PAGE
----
Ran into yet another situation this week where we found a Federal Pacific Electric Panel in a 1950s Denver area ranch home. There are literally thousands of these panels installed through the metro area, and they are as common as ungrounded outlets or single paned windows in older homes.
So what's the big deal? Federal Pacific, along with a company called Zinsco, was literally sued out of existence in the 1980s because of reports of repeated failure and fires stemming from these panels.
Among the chief concerns:
• Some FPE breakers fail to shut off internally even if the toggle is switched to "off"
• Breakers fail to trip during testing up to 60% of the time
• Electricity arcs between buss bars and breaker contacts causing hot spots and fires inside panels.
• All FPE panels are old (most way beyond expected service life). Even the best equipment fails with time.
• The Federal Pacific Company doesn't exist anymore so all retrofitted FPE equipment is manufactured by an after market in Canada or China.
Inspectors and electricians will routinely and "automatically" recommend replacement of FPE and Zinsco panels, because the liability in not doing so would simply be too great. However, it should be noted that there are upwards of 10 million FPE and Zinsco panels still being used in the United States, and there are literally millions of homeowners who live with these panels on a day to day basis without a problem.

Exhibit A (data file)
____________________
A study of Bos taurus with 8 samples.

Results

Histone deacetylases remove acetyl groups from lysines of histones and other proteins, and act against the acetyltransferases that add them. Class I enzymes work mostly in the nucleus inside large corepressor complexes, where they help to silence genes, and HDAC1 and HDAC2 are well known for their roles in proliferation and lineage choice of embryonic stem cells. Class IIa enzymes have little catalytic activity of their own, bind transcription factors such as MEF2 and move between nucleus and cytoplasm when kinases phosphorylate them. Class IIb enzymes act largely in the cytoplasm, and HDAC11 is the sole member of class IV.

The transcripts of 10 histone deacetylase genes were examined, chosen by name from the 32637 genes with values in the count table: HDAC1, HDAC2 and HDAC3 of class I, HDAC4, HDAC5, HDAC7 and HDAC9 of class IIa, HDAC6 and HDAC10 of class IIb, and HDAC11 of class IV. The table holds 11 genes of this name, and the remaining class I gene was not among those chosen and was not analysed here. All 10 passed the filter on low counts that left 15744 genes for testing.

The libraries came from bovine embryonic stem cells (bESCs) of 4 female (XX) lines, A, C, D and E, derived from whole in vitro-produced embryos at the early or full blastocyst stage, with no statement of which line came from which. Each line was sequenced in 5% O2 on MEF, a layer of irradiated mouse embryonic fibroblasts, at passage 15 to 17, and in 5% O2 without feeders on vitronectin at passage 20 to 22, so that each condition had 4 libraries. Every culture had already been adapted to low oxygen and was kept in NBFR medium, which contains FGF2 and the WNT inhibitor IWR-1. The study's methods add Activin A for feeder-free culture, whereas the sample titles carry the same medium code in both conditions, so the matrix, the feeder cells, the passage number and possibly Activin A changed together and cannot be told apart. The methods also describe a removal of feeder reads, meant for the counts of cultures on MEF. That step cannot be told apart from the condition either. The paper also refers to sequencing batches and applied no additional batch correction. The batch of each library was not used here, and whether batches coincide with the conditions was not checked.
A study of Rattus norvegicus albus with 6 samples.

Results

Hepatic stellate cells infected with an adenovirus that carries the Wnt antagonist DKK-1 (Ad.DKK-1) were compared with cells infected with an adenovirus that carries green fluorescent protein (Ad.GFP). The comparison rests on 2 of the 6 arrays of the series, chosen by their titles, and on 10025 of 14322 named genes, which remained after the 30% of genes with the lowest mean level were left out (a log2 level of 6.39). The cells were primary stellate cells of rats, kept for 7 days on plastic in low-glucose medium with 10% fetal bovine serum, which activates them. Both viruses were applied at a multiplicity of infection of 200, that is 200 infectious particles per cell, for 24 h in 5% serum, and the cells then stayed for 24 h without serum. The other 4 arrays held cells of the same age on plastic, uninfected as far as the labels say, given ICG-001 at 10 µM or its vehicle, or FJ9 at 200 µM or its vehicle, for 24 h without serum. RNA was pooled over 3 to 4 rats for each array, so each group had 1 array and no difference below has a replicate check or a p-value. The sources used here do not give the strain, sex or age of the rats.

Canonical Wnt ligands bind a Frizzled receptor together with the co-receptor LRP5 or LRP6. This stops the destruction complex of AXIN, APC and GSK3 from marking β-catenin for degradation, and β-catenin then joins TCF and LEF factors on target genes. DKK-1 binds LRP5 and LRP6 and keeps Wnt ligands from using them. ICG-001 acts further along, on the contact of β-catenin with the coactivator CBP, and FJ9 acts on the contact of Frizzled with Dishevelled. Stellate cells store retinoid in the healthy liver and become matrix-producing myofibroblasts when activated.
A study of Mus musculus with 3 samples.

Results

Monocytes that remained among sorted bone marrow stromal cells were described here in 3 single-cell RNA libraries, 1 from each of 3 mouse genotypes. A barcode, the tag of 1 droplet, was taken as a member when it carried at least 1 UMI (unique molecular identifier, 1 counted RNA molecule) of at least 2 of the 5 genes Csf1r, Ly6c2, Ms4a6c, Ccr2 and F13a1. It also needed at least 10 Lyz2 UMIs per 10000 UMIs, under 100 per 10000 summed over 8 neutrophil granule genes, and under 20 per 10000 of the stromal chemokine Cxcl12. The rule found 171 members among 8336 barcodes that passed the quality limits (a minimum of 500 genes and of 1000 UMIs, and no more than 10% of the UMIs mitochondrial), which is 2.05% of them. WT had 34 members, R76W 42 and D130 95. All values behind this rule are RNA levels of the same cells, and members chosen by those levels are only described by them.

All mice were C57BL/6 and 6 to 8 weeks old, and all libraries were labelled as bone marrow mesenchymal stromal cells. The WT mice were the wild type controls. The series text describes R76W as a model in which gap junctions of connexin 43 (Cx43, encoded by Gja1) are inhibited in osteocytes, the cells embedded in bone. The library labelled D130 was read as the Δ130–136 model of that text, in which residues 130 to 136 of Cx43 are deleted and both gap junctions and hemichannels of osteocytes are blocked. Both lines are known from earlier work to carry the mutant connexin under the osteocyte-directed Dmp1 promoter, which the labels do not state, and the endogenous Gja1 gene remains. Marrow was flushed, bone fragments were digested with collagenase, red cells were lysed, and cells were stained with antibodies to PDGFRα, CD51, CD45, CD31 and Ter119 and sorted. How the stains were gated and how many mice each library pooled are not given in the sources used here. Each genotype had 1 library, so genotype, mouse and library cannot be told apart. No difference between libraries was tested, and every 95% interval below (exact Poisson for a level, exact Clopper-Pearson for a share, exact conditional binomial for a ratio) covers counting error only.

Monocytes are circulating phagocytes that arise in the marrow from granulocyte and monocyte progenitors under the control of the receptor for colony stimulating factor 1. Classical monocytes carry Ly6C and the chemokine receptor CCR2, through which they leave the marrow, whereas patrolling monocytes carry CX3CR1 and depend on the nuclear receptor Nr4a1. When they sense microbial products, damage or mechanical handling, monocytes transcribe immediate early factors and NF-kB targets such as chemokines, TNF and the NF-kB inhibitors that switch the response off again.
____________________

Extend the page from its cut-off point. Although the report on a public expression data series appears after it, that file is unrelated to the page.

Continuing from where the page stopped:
Should you have an FPE or Zinsco panel replaced? If I am listing a home and I see one, I let my seller know up front there is a high probability that the buyer is going to ask for its replacement. Often, I will recommend replacement as part of our listing strategy, because we can then both add the cost of the new panel to the list price and market the fact the home has a new panel. That strategy takes a liability and converts it to an asset.
For my buyers, I identify FPE and Zinsco panels and let them know that the inspector is going to call it out. We'll normally have an electrician come out and take a closer look to see if there is obvious evidence of trouble, and then design a plan from there.
The quality of your experience in buying or selling a home depends on the quality of the information and counsel you receive. FPE and Zinsco panels are important considerations for buyers and sellers alike, and it is in your interest to know early on when a problem might arise.